Millions of Texans were left to fend for themselves last week in the cold, in the dark and often without water. Many who did have electricity following the storm are now stuck with gigantic bills - thousands of dollars in some cases. Now, Texas is not connected to the national power grid. It is known for deregulation. But Maggie Koerth, senior science writer for FiveThirtyEight, says plenty of other states could end up like Texas after a really bad winter day. She joins us now via Skype.

Maggie Koerth, welcome.

MAGGIE KOERTH: Hi. Thanks for having me.

KELLY: So in your view, how much of last week was a weather problem versus a Texas problem?

KOERTH: It's a weather problem, it's a Texas problem and it's an electric grid infrastructure problem. But the weather and the electric grid infrastructure issues - at least some of them - are things that apply nationwide.

KELLY: I suppose we should note, they were less widely covered, but there were also blackouts last week in Oklahoma and Mississippi and other states.

KOERTH: Yeah, exactly. It was easier, I think, for some of those other states to stay online more than Texas was because they had those interconnections and were able to share electricity and get it from other places. But there definitely still were blackouts. And we definitely still see blackouts happening across the United States on a large scale. You know, you guys had the 2003 blackout that took out most of the East Coast and Canada. And that really just came down to trees that hadn't been trimmed in Ohio.

KELLY: Is part of this that - whether it's Texas or other states that are connected to the national grid - many of them have infrastructure that is decades old, that is way overdue for modernization, that was not built with climate change and these extreme fluctuations in mind?

KOERTH: Right, that's exactly true. I mean, we saw that with the campfire in California, where a lot of what had happened there kind of came down to a 100-year-old transmission line running through the forest. You've got a lot of our electric infrastructure in the United States that's 50, 60, even 70 or 80 years old. Most of the big major upgrades that happened the last time were probably in the 1960s. And people have been talking about how we need to have major upgrades to this system since at least the Clinton administration. It's something where there's not a lot of incentive to fix it unless it's actually not working.

KELLY: Is there any state that has done this really well, that's nailed it?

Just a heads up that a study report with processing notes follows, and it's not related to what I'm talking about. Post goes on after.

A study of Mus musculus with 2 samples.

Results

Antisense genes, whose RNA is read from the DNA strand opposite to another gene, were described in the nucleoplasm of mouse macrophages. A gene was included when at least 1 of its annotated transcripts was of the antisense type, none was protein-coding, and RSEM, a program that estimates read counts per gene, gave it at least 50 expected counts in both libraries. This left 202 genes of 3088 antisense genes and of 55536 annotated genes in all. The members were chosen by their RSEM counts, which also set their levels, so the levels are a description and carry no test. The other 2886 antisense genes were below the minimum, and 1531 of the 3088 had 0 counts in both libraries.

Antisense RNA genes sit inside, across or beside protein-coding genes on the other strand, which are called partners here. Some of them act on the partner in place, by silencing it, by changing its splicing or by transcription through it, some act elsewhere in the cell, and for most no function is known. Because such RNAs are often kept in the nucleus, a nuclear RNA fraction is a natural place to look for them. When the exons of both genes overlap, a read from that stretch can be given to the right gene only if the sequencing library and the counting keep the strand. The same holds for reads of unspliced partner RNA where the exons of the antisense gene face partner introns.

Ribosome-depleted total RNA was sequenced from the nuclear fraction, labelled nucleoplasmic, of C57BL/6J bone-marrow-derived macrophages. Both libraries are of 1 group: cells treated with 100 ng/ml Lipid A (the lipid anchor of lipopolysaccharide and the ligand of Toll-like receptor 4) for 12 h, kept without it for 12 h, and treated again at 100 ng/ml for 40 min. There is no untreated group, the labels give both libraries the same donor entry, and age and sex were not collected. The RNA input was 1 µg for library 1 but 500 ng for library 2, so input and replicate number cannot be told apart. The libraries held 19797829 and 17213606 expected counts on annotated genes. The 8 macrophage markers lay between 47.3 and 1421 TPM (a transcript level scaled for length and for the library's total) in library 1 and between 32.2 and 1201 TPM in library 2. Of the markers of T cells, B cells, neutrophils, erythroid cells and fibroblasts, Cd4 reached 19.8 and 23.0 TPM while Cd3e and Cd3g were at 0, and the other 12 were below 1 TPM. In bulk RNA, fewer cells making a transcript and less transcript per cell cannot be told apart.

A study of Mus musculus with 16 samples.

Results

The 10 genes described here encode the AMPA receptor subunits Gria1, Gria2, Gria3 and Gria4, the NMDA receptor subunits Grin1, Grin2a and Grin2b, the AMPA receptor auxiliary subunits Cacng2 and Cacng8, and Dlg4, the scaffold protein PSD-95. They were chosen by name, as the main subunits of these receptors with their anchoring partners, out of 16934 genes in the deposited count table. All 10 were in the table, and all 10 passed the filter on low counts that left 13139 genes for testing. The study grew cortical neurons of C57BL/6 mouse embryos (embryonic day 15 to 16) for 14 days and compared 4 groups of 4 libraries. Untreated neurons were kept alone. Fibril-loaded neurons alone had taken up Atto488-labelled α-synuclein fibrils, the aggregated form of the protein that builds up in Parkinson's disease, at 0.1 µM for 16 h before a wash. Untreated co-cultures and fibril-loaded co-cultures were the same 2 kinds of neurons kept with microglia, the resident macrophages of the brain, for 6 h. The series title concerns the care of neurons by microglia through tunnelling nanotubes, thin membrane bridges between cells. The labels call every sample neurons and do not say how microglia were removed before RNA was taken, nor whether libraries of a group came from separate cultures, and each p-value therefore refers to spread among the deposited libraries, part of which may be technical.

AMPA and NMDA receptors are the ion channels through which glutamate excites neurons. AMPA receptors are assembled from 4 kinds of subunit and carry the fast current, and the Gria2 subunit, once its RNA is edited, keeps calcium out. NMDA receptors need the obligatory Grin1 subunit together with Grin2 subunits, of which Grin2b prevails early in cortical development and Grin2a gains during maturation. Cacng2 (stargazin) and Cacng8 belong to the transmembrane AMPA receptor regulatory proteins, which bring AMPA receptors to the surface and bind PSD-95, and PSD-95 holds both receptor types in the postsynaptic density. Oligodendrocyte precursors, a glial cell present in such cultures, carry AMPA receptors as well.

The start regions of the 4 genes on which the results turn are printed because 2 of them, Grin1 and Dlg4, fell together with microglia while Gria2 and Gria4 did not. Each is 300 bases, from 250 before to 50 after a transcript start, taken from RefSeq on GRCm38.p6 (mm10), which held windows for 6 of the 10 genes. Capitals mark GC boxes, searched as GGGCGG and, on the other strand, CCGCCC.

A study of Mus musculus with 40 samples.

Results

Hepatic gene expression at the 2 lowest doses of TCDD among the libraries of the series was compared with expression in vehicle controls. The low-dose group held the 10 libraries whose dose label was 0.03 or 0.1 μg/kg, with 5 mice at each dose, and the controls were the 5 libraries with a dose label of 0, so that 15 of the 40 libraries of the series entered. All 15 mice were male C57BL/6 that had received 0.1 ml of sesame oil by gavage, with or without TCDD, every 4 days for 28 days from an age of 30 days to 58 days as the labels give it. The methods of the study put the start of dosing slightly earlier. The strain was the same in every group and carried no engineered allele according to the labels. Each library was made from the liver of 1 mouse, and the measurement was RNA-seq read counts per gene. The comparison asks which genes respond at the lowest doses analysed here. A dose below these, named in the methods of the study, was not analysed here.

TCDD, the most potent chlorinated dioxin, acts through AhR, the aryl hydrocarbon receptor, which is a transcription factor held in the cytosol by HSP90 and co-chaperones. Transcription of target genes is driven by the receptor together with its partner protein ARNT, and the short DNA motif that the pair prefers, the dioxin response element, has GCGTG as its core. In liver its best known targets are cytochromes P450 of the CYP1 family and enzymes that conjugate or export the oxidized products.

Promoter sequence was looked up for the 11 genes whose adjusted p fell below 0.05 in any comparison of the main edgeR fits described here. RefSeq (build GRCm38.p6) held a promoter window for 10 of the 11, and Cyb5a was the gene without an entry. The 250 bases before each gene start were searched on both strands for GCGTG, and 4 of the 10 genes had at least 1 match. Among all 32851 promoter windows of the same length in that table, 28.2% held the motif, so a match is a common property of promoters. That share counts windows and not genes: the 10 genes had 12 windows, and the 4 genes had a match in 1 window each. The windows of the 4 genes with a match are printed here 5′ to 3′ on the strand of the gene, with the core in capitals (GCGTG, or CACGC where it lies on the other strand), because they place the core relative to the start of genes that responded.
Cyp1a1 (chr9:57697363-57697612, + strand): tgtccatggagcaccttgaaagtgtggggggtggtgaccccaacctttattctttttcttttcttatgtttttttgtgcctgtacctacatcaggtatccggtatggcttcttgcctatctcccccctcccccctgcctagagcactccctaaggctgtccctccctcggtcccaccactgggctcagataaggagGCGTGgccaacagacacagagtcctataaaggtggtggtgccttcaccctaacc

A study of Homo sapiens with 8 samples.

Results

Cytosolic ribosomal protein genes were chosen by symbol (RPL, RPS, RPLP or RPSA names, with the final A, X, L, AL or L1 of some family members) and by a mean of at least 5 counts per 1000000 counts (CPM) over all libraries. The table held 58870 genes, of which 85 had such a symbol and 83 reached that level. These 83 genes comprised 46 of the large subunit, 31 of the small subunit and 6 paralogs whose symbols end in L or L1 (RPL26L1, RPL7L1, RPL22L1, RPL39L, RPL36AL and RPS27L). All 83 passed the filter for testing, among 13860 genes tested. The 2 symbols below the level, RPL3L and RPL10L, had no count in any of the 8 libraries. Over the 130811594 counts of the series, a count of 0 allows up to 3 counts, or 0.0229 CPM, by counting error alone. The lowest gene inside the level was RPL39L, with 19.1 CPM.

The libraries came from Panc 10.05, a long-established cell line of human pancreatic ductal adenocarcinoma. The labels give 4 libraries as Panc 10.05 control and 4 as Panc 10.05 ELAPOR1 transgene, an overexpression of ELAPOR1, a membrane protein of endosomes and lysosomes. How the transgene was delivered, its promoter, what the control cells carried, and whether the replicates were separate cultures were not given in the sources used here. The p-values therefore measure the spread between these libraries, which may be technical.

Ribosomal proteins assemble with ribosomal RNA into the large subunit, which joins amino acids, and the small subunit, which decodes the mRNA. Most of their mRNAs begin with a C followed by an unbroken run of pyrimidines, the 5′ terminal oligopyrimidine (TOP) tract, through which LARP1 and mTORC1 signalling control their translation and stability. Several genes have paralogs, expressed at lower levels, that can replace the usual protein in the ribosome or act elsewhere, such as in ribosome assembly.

KOERTH: You know, off the top of my head, I don't know the answer to that question.

KELLY: Yeah, but that's maybe telling that you can't think of a (laughter)...

KOERTH: (Laughter).

KELLY: ...Success case off the top of your head.

KOERTH: There's definitely been good work that's been done. I mean, Florida has put a lot of effort into building an electric grid that is resilient against hurricanes for obvious reasons. But, you know, the incentives for what kinds of supports different states have put in have been very state-specific and have been very disaster-specific. You know, there's been a lot of upgrades that have been made to the grid in New York and D.C., that only came after Superstorm Sandy happened and tore everything else out.

KELLY: So let's talk potential solutions. If there are a lot of states staring down this problem, should it be left to the states to try to fix it? What is the role here for federal leadership, for federal money?

KOERTH: Well, there's definitely a role for federal leadership and federal money. Like, if you look back at the 1930s, 1940s, there are large parts of America that did not get electricity at all until the federal government stepped in and spread the cost of building that infrastructure around in the form of taxes. And maybe something like that is going to have to happen again here. I don't know exactly what the correct best method of dealing with this is, but it is definitely one of those things where just kind of left to its own, there's not much incentive for the market to just handle it.

KELLY: That is Maggie Koerth. She is senior science editor for the data journalism website FiveThirtyEight.

Maggie Koerth, thank you.

KOERTH: Thank you so much for having me. Transcript provided by NPR, Copyright NPR.